On July 15, the World Health Organization in Pakistan held a technical working group virtual meeting and acknowledged that COVID-19 cases seemed to be slowly falling in the country. Pakistan had reported just 2,165 new cases in the past 24 hours.
The South Asian country has so far registered over 261,000 COVID-19 infections, with 5,505 deaths and 183,737 recoveries. The number of active cases currently stands at 70,787.
The WHO groups Pakistan among the 10 countries with the fastest-growing number of new COVID-19 cases. In a leaked letter in June, the global health body also criticized the government for hastily removing lockdown restrictions.
Pakistan's overall testing rate also remains low. Prime Minister Imran Khan's government argues that the drop in the increase of daily new cases is due to its policy of "smart lockdowns," but data shows a correlation between the drop in testing and declining new cases.
Asad Umar, a federal minister, dismissed talk of a correlation between the two in a tweet on July 15, instead crediting the government's actions for the positive development.
Decline in testing
According to Our World in Data, the latest estimate of Pakistan's daily tests per thousand people is 0.1 as of July 16, a rather sharp decline from 0.13 tests in June. Experts believe that current testing has dropped by at least a quarter.
As per the National Command Operation Center (NCOC), Pakistan has a total testing capacity of 71,780 tests per day, with 133 testing laboratories in total. Currently, it is utilizing only about 40% of the capacity, according to the Ministry of National Health Services Regulation and Coordination.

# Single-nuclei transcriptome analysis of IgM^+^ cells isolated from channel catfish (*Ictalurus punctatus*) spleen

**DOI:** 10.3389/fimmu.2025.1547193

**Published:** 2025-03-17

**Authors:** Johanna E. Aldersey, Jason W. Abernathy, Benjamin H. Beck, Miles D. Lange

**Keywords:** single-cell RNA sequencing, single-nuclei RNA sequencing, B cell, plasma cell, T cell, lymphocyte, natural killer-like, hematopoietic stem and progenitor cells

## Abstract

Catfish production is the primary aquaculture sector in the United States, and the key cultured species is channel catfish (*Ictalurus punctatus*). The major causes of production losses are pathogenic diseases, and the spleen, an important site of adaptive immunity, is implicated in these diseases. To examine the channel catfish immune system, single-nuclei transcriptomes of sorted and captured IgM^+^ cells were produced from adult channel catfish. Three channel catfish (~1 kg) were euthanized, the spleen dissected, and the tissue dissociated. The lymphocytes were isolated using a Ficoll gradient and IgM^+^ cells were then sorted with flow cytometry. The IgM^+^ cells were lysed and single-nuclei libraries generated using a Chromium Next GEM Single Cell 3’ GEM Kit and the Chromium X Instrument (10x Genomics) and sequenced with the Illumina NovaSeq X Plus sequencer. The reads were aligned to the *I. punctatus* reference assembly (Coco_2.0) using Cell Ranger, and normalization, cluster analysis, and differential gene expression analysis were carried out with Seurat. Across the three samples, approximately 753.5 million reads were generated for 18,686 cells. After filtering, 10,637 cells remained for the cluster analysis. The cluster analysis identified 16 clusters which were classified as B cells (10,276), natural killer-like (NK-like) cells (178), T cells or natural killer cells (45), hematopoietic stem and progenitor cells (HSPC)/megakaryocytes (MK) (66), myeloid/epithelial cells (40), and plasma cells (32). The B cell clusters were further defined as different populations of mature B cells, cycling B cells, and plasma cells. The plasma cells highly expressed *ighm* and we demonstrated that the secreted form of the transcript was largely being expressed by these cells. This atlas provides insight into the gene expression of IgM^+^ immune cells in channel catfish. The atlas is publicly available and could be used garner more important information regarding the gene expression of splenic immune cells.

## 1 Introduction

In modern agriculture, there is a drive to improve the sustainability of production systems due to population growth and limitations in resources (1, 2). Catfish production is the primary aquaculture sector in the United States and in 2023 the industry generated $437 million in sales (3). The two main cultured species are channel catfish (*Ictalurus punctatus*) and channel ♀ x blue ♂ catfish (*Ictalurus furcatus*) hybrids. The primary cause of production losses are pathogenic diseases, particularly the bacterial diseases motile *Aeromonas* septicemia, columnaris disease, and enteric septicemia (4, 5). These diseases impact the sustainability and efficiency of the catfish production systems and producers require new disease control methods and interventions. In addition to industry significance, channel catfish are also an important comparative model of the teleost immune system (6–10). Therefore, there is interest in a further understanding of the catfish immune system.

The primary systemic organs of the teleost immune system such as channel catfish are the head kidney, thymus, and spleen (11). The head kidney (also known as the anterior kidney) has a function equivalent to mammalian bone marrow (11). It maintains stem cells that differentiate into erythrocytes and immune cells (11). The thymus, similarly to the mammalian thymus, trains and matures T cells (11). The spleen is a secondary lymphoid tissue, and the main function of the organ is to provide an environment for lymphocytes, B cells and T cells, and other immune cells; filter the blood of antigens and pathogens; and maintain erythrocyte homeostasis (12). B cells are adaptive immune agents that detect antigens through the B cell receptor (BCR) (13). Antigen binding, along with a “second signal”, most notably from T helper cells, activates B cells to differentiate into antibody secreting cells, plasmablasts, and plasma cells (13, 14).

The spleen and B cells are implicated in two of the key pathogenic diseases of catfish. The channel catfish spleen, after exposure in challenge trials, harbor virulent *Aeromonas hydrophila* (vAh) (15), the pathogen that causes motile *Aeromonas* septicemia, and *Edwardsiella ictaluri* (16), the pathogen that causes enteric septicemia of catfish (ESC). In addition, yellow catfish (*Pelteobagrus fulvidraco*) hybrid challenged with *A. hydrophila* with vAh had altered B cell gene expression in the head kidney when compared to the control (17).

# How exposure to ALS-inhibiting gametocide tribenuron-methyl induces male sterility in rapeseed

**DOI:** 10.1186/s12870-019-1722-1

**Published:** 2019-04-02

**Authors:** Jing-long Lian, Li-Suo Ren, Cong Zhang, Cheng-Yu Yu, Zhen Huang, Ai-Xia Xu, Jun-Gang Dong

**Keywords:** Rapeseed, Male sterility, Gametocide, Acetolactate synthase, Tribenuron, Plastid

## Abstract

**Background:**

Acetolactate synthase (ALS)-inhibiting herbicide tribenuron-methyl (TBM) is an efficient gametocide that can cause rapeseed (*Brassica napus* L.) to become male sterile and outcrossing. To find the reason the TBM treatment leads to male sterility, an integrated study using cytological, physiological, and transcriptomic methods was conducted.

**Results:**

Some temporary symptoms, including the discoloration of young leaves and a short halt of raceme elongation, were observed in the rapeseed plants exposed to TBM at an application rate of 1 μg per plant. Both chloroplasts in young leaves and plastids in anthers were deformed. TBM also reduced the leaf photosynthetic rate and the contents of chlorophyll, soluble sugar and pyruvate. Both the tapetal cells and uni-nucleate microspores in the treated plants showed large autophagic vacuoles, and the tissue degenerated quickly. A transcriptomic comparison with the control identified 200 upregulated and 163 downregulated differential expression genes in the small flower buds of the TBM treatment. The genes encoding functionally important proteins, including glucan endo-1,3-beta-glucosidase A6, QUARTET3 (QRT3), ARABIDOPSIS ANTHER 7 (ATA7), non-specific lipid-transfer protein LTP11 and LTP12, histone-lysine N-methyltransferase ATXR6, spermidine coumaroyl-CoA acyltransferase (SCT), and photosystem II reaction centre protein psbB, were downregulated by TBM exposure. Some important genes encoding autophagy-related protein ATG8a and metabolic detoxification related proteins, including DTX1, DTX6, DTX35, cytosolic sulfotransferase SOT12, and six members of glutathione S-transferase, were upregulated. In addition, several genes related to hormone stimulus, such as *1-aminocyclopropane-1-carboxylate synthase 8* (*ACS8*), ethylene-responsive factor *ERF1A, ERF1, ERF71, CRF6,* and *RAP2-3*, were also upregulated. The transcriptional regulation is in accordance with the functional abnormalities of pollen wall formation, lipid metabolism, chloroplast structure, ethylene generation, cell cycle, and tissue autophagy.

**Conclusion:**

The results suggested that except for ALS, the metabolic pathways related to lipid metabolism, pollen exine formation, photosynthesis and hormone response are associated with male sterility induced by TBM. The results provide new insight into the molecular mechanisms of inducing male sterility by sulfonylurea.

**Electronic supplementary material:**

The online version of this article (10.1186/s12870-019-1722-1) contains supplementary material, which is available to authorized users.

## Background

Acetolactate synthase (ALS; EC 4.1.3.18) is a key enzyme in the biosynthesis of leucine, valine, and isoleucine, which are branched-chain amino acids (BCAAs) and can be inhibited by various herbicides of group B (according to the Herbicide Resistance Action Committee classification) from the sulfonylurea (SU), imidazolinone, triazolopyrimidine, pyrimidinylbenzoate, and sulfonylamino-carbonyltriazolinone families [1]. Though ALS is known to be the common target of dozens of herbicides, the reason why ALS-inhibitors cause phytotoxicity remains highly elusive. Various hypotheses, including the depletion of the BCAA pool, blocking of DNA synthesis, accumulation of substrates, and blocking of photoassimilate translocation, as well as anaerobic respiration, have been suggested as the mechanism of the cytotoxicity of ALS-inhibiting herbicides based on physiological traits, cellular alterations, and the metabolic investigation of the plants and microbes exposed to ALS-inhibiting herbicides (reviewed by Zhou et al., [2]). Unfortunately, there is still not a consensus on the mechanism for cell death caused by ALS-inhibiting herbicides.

The NCOC data shows that the government conducted 24,262 tests on July 15 and reported 40 deaths. In contrast, a month ago, on June 13, the total tests done per day were 29,546 and the reported deaths were double the figure recorded on July 15.
Last month, the government said it would increase the rate of testing to 50,000 tests a day from July, a target which is yet to materialize. On June 19, Pakistan conducted 31,681 COVID-19 tests, the highest officially recorded number so far.
Speaking on the condition of anonymity, a government official in a semi-urban district in Punjab province noted that he had direct orders from his superior to omit numbers by almost half. This month he reported 34 new cases, instead of 63.
This is indicative of willful misreporting at the district level and raises concerns regarding the accuracy of the official figures. Misreporting, coupled with a decrease in testing, greatly skews the recorded prevalence of cases in the country, say experts.
Widespread social stigma
Given the rise in the total number of infections in the country, people are now more aware of COVID-19 symptoms and are not coming to hospitals unless they become severely ill, Hina Shah [name changed], a doctor at PAF Hospital in Islamabad, told DW.
"Whole affected families are not coming to hospitals, there is some stigma attached but also many people choose to quarantine themselves," she added, underlining that the decline in numbers is also due to people opting not to go to hospitals and get tested.
This view is shared by Maham [name changed], a doctor at Services Hospital in Lahore city. She explained that people are scared of going to hospitals or getting tested for fear of being ostracized in case of infection.
She also noted that at her hospital and others like Mayo Hospital, tests are free but can take almost a week for results to come, which renders the testing pointless. "There is also no real follow-up to check if family members are also infected like there was in June," she added.
According to the Organization for Economic Cooperation and Development (OECD), tracking new cases is imperative to avoid new outbreaks and surges of coronavirus cases, as well as to allow those recovered from the infection to return to work and help revitalize the economy.
Khan's government has opted for "smart lockdowns" as a way to curb the virus' spread while ensuring economic activity continues unperturbed. For this strategy to succeed, experts say, testing and tracing is key, but the recent decrease in testing rates could be counterproductive and hamper the efforts to overcome the immense health emergency.